Forest protesters bamboo the Regent
By Steve Painter
SYDNEY — Rainforest activists planned to erect a symbolic bamboo barricade across the entrance to the Sydney Regent hotel on July 13 in a re-enactment of a similar protest at the Malaysian consulate last August. The Regent protest coincides with a visit by Malaysian trade minister Dating Aziz.
On July 9, five rainforest activists were each fined $200 and $45 costs for failing to apologise over the peaceful protest last year. Three others who apologised received no penalty. The fines were close to the maximum of $250.
The eight were appearing for sentencing after they had earlier been found guilty of unreasonable obstruction of the consulate during a protest against rainforest logging in Sarawak.
Democrat MP Richard Jones, who witnessed the alleged obstruction of the consulate, issued an open letter to the court saying any interference with the consulate's business was "symbolic and only momentary", and Friends of the Earth spokesperson John Hallam said the protesters' action was "fully justified" in view of the Malaysian government's destructive logging and its repressive policies towards the native peoples of Sarawak.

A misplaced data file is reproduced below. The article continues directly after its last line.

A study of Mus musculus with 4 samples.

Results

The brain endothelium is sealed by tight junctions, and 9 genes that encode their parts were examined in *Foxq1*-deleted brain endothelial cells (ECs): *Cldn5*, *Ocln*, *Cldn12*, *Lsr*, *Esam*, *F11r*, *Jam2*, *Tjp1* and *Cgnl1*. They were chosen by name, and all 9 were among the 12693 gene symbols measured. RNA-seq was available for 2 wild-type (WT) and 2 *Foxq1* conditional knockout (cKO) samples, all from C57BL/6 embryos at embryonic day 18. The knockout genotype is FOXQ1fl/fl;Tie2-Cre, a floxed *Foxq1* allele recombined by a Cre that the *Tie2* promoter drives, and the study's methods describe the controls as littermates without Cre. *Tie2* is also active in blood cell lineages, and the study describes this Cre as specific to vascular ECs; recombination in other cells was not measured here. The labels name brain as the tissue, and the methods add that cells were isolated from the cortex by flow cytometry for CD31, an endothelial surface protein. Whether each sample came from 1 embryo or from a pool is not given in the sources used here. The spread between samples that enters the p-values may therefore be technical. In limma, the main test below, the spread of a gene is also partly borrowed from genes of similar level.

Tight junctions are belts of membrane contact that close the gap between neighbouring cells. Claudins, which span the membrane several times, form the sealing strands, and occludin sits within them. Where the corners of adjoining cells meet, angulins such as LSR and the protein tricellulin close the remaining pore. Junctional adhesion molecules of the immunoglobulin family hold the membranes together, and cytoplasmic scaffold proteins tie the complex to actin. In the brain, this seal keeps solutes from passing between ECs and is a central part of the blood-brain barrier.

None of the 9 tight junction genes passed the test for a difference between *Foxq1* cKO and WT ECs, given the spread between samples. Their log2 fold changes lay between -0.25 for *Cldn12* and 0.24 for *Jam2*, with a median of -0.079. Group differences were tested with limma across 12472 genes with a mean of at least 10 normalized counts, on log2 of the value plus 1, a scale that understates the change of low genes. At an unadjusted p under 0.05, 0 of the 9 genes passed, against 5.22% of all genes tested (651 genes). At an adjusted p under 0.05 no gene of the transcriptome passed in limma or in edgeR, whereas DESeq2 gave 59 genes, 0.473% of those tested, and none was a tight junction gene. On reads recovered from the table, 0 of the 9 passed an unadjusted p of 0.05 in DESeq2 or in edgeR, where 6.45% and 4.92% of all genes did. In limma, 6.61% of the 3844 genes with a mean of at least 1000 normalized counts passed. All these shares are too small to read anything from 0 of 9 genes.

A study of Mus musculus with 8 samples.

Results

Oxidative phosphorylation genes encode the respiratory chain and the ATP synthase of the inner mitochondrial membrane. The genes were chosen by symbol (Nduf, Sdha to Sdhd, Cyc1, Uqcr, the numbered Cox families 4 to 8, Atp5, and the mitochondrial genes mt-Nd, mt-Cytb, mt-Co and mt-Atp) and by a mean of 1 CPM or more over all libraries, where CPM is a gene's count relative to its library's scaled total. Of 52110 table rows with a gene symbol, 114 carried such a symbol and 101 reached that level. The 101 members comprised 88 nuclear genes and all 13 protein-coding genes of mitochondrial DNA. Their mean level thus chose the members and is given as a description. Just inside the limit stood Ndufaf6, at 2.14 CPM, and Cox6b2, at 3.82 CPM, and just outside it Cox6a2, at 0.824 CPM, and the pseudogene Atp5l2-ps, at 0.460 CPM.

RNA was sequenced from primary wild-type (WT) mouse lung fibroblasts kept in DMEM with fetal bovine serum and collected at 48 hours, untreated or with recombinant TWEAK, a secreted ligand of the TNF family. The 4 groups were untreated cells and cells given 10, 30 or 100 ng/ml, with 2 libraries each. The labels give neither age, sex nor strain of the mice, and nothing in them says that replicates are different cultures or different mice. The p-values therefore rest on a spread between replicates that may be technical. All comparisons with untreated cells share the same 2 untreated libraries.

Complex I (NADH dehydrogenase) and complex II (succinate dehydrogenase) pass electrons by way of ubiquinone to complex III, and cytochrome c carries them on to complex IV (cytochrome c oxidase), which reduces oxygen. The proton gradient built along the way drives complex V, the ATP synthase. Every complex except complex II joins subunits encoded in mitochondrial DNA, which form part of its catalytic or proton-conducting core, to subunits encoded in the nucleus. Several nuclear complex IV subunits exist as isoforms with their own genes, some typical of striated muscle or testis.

Even the World Bank has observed that the pace of rainforest logging in Malaysia is four times what it should be. One of the eight defendants in the consulate case told Green Left Weekly that she is critical of the Australian government's attitude, saying it is relying on an International Tropical Timber Organisation target of the end of the century for a total shift to plantation harvesting of rainforest timber. "This will be too late for Malaysia's forests", she explained. At present rates of exploitation, "they will be exhausted by the mid-1990s".
Native peoples such as the Penan are being deprived of their traditional livelihoods by the destruction of the rainforests. In the past year about 110 tribespeople have been arrested by Malaysian authorities for protesting against logging.